May 2008


I’ve never actually had a picture bring tears to my eyes before.

A Burmese child asked for more food during aid delivery in Dedaya, Myanmar. New York Times.

I’ve been doing a lot of academic reading lately in a relatively new area: mobilities. It comes out of sociology, with side branches in geography, communications, and planning, and it’s basically the social theory approach to transportation. The two main areas of work have been on automobility (about how our society is so inextricably tied with the auto that we can’t talk about the labor market, housing, economic development, or nearly anything else without cars being involved somewhere) and aeromobility (similarly, the way that long-distance and international transportation depend heavily on air transportation and airports). Aeromobility in particular looks at the way people are sorted as they pass through airports, especially through security screening procedures but also through sitting in first class/coach class, using the Admiral’s Club or equivalent, and even by choosing the airport in the first place (e.g., Ryanair and EasyJet ‘s practice of using secondary airports).

So this story in Chicago has caught my interest. Midway Airport has instituted a system that Denver and Salt Lake have been trying out, where passengers self-sort themselves into security lines based on their familiarity with procedures and thus with their speed. The three lines are coded according to the same symbols as ski runs: green circles for beginners, blue squares for the middle level, and black diamonds for the experts. As an earlier story noted, the familiarity of Midwesterners with ski run symbology is a dubious assumption, but the slow-medium-fast idea is pretty simple.

According to the article, the assumptions about who is slow, medium, and fast are also simple: “Workers helped steer flip-flop-wearing vacationers one way, and briefcase-toting business travelers the other. Moms and dads hauling the accouterments of parenthood—strollers, diaper bags and car seats—were funneled in yet another direction.” Now, it apparently is possible to switch lanes if you feel you’re more (or less) expert than TSA eyes designate you, but there are still some strong assumptions being made here. It reminds me of the pre-9/11 days when I went to meet my long-distance sweetie at the airport; every time I carried my backpack with me, I got the wipe-down treatment checking for drugs/explosives; no backpack, no extra check.

Of course, the self-identification may be problematic: the Tribune’s poll says nearly 70% of people consider themselves to be in the “expert” category, and 72% plan to use the black diamond lanes. (This is why I’d go for the blue square, myself; I’ve certainly traveled enough to know what I’m doing, but taking out the laptop and the liquids, taking off the jacket and shoes, and then reassembling myself at the other end takes an embarrassingly long time even when I’m careful to do things like send the backpack through before the laptop so I can pop the computer back in as soon as it comes through).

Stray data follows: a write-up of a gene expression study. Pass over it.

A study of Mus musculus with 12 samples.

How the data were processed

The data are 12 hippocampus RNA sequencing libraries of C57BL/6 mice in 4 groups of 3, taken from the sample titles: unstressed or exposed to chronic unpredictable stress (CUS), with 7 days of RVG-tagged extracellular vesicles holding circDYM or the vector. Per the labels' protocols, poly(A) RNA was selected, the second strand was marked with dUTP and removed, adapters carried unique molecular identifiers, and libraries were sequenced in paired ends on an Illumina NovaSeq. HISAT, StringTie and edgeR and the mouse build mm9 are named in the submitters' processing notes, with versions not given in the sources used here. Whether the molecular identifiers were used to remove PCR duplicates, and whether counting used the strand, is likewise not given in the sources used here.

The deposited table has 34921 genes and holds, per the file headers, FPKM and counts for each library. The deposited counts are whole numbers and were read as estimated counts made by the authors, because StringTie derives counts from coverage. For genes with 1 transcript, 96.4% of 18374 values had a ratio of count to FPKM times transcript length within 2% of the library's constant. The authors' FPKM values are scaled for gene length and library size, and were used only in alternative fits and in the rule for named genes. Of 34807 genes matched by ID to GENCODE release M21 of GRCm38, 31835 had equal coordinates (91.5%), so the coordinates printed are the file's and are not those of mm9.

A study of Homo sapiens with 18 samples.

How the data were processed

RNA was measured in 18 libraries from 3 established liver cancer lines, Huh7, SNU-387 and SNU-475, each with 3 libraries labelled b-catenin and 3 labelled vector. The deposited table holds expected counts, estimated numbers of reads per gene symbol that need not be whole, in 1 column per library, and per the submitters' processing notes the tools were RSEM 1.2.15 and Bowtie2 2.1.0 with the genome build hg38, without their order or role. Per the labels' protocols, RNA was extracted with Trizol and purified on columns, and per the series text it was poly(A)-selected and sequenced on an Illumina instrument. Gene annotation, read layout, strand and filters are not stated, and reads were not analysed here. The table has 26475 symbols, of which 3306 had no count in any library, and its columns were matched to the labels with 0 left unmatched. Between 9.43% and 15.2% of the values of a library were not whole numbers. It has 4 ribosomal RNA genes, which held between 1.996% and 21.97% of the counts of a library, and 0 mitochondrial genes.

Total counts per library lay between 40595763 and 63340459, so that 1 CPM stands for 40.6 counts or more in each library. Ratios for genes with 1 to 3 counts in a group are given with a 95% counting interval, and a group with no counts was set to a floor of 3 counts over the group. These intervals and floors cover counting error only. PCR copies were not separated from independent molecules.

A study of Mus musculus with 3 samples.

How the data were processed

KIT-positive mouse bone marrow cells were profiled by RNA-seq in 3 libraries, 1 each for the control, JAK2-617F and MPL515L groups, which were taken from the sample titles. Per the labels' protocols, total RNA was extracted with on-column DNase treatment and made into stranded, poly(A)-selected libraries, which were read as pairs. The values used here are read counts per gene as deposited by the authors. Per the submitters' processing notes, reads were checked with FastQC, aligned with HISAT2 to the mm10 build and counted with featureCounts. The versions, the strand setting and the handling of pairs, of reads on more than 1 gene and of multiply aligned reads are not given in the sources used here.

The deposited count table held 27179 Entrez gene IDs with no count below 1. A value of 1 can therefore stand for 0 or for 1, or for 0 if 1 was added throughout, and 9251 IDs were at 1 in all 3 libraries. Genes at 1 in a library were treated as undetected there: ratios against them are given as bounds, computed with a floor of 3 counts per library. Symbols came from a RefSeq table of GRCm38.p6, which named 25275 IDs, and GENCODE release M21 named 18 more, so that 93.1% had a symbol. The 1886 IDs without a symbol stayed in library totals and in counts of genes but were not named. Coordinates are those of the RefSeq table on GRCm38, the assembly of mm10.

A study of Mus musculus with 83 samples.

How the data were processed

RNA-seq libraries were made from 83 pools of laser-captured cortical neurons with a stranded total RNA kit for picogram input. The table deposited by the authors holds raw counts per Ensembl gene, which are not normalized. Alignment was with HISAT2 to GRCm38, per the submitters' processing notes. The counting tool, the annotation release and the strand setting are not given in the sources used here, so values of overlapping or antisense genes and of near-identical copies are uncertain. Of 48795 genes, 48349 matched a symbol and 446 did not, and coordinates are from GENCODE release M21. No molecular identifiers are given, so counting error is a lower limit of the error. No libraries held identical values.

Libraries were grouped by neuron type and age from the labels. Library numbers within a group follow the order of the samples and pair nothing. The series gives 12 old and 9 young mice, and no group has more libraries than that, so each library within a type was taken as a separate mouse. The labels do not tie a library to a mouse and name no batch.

But it’s such a prime example of Foucault’s argument that modern society is more and more about disciplining (and sorting) ourselves, becoming docile bodies within the system. It’s also a great illustration of all of this mobilities literature that I’ve been reading, right here in the real world; so much for the ivory tower! In particular, it demonstrates how identity is becoming tied up with speed, and how the “kinetic elite” (as Rem Koolhas has termed them) are moving ever faster and more smoothly while those of us who are not visibly elite (e.g., with children, wearing flip-flops, not carrying a briefcase) are slowed down in our travels.

Besides, as one commenter on the Tribune’s website pointed out, we’re all going to sit at the same gate and wait anyway!

So there’s this big debate going on between the Democratic candidates right now about a “gas tax holiday” for the summer. On the one side, we have John McCain and Hillary Clinton and others arguing that for the sake of American families, who are paying much more for gas and food and other basic necessities than they were a year ago, we should drop eighteen cents off the price of gas. (In other words, the amount that gas prices have gone up in the past, I don’t know, two months.) On the other side, we have Barack Obama and others arguing that this is pointless, a short-term solution that’s only trying to win votes and not trying to make anything better in the long run. There’s no guarantee that the oil companies won’t raise prices because they can, and thus the gain from the tax holiday will be negative. And then an instant eighteen-cent hike will make Labor Day really fun!

What no one seems to be talking about (although it’s starting to appear in today’s papers; here’s one example) is what happens to that money the federal government collects from the gas tax. In the U.S., that money goes into the Highway Trust Fund, which funds road, transit, and pedestrian projects. The Buffalo News estimates that this proposed “tax holiday” would take almost $10 billion out of the Highway Trust Fund, which is already almost $5 billion in the hole for projects that Congress has already approved (mostly new construction, not maintenance). The gas tax is one of the few taxes in this country which has a pretty clear line of sight from how it’s collected to how it’s spent. So it’s also pretty easy to say that the $30 each of us on average would save over the summer is $30 per person that’s not being spent on filling potholes, installing sidewalks, or, I don’t know, fixing bridges. ‘Cause it’s not like road maintenance is a problem anywhere in this country.